Aspects of DMO correction — a summary
We discussed the principles of DMO correction and studied its practical aspects using synthetic and field data. It now is appropriate to compile aspects of DMO correction.
- The process of dip-moveout corrects for the dip effect on stacking velocities.
- Thus, it preserves conflicting dips with different stacking velocities during CMP stacking.
- The DMO stack, therefore, is a closer representation of a zero-offset section as compared to a conventional CMP stack based on normal-moveout correction, only.
- The DMO stack can then be migrated using a zero-offset migration algorithm with greater accuracy.
- Conflicting dips with different stacking velocities give rise to multivalued velocity picks from velocity spectra. Velocity analysis of DMO-corrected data alleviates this problem and increases the accuracy of picking an unambiguous velocity function from a velocity spectrum.
- Velocities estimated from DMO-corrected data are dip independent; therefore, they are more suitable to derive a migration velocity field as compared to velocities estimated from data without DMO correction.
- Dip-moveout correction actually is a process of partial migration before stack. Specifically, it maps normal-moveout-corrected data to normal-incidence reflection points in the subsurface. As a result, midpoint coordinate is variant under DMO correction.
- As a direct consequence of aspect (g), DMO correction removes the reflection point dispersal associated with nonzero-offset recording in the presence of dipping reflectors.
- Following DMO correction, prestack data can be migrated so as to create CMP gathers in their migrated position (next section). This then enables us to conduct velocity analysis to derive a migration velocity field with greater confidence.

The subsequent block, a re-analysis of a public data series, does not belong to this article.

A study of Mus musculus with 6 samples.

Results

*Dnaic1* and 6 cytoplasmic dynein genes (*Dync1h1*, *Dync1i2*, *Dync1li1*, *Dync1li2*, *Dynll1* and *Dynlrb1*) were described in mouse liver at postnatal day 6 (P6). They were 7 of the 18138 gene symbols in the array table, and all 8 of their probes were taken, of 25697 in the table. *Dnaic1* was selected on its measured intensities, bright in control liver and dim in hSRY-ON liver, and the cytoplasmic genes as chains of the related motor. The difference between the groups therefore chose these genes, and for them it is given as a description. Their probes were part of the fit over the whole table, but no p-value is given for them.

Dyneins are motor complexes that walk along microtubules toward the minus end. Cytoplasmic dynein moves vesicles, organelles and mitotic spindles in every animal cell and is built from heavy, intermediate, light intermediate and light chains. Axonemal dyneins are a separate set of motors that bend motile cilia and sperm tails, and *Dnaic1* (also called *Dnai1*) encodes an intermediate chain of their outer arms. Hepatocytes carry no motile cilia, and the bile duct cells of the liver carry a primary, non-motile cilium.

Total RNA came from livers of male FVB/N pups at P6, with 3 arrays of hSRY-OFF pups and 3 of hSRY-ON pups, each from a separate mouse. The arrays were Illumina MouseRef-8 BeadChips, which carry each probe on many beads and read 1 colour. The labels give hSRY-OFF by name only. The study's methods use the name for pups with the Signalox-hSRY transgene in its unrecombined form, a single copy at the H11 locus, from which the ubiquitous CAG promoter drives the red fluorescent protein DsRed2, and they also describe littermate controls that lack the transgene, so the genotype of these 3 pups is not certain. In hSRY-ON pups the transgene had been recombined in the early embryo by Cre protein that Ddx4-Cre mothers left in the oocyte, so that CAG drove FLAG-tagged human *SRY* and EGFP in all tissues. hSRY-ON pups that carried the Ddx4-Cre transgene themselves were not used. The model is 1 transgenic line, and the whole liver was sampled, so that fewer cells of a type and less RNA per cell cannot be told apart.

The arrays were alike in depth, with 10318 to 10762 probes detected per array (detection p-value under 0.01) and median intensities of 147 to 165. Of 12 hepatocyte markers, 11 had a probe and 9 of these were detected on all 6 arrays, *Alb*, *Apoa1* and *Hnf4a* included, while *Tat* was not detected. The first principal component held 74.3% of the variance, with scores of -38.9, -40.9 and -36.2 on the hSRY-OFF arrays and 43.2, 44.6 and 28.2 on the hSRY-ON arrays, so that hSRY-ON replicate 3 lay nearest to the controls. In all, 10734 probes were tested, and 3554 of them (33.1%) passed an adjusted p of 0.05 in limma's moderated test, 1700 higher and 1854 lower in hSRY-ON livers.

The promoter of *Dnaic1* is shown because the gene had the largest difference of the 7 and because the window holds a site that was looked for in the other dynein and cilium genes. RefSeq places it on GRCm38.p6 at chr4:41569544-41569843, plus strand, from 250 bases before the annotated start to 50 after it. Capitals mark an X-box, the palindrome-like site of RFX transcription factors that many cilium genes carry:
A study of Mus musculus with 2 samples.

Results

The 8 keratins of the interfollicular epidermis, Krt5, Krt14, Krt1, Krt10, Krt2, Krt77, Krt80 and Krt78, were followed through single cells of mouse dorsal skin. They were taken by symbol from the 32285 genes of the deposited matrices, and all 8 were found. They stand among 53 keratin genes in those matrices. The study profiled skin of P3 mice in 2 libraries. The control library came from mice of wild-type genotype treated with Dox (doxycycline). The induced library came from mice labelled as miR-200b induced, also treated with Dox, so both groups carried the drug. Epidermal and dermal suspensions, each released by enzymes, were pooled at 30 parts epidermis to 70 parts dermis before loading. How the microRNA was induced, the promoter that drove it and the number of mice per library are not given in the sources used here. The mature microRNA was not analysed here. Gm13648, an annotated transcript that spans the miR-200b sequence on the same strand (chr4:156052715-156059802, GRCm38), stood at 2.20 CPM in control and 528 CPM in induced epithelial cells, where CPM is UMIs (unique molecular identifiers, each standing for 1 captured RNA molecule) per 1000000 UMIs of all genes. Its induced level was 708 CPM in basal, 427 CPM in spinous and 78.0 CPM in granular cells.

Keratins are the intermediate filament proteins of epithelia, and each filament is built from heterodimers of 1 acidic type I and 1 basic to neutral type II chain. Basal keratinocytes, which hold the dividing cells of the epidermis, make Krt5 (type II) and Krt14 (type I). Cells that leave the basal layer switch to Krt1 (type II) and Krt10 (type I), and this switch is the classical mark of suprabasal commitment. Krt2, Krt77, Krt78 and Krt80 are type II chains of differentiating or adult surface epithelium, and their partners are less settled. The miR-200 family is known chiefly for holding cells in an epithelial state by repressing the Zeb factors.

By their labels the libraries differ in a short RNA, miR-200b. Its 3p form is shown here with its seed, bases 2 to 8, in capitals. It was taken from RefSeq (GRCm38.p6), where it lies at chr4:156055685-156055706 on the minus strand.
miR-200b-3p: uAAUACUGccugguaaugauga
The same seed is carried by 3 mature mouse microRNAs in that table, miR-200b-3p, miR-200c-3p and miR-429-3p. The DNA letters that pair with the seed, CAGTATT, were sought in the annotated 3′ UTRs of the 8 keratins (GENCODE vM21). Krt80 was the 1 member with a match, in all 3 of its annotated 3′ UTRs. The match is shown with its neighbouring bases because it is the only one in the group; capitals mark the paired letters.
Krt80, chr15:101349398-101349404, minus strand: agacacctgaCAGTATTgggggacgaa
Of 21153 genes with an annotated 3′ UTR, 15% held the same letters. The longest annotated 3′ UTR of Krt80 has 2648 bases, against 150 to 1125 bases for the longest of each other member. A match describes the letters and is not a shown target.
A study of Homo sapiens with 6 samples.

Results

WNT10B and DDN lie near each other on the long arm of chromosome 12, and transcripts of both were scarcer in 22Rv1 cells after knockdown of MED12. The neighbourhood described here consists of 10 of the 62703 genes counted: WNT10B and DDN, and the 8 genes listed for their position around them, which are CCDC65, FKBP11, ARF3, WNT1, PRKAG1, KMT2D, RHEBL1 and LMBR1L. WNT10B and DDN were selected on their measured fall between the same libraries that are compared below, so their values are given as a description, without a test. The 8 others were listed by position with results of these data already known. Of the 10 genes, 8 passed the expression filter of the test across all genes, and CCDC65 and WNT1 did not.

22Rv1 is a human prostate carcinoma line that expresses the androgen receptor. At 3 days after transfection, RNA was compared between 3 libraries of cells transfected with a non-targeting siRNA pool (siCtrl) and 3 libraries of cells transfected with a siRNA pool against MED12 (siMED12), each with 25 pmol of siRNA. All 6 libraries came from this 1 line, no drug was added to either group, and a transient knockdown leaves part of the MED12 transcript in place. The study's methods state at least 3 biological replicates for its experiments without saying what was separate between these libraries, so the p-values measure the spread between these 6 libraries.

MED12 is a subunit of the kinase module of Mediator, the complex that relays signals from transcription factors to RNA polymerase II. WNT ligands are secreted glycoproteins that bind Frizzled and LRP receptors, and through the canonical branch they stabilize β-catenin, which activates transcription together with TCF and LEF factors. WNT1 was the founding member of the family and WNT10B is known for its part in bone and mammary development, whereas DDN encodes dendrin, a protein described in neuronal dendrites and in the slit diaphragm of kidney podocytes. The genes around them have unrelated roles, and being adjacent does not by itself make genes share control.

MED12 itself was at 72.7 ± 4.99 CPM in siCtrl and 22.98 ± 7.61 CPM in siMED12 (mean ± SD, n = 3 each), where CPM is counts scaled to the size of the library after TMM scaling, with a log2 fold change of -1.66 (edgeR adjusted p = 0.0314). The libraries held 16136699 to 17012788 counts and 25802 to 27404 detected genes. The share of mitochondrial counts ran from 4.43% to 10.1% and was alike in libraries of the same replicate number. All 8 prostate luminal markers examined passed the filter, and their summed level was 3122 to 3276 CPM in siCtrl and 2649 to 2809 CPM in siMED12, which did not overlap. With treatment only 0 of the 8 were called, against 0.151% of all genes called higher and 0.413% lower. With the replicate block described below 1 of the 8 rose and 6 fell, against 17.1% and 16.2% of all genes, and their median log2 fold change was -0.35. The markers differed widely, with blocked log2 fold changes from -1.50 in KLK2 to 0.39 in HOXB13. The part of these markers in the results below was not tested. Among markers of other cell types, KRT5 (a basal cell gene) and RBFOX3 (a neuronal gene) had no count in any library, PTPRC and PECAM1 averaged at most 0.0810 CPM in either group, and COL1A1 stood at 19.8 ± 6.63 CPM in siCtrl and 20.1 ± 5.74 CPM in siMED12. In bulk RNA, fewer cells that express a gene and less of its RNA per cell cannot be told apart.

- Finally, the CMP gathers from prestack time migration of DMO-corrected data can be used for amplitude variation with offset analysis.
Figure 5.2-34 (a) Selected moveout-corrected CMP gathers associated with the earth model of point scatteres depicted in Figure 5.1-3, with amplitudes on every other trace zeroed out; (b) selected common-offset sections; (c) same common-offset sections after DMO correction; (d) selected gathers as in (a) after DMO correction.
Figure 5.2-35 (a) Zero-offset section associated with the earth model of point scatteres depicted in Figure 5.1-3; (b) the DMO stack same as in figure 5.1-7c from the gathers as in Figure 5.1-6d without missing alternate traces; (c) the DMO stack from the gathers with missing alternate traces as in Figure 5.2-34d.
In this chapter, we discussed the dip-moveout process within the context of 2-D seismic data. Three-dimensional aspects of DMO correction are discussed in processing of 3-D seismic data.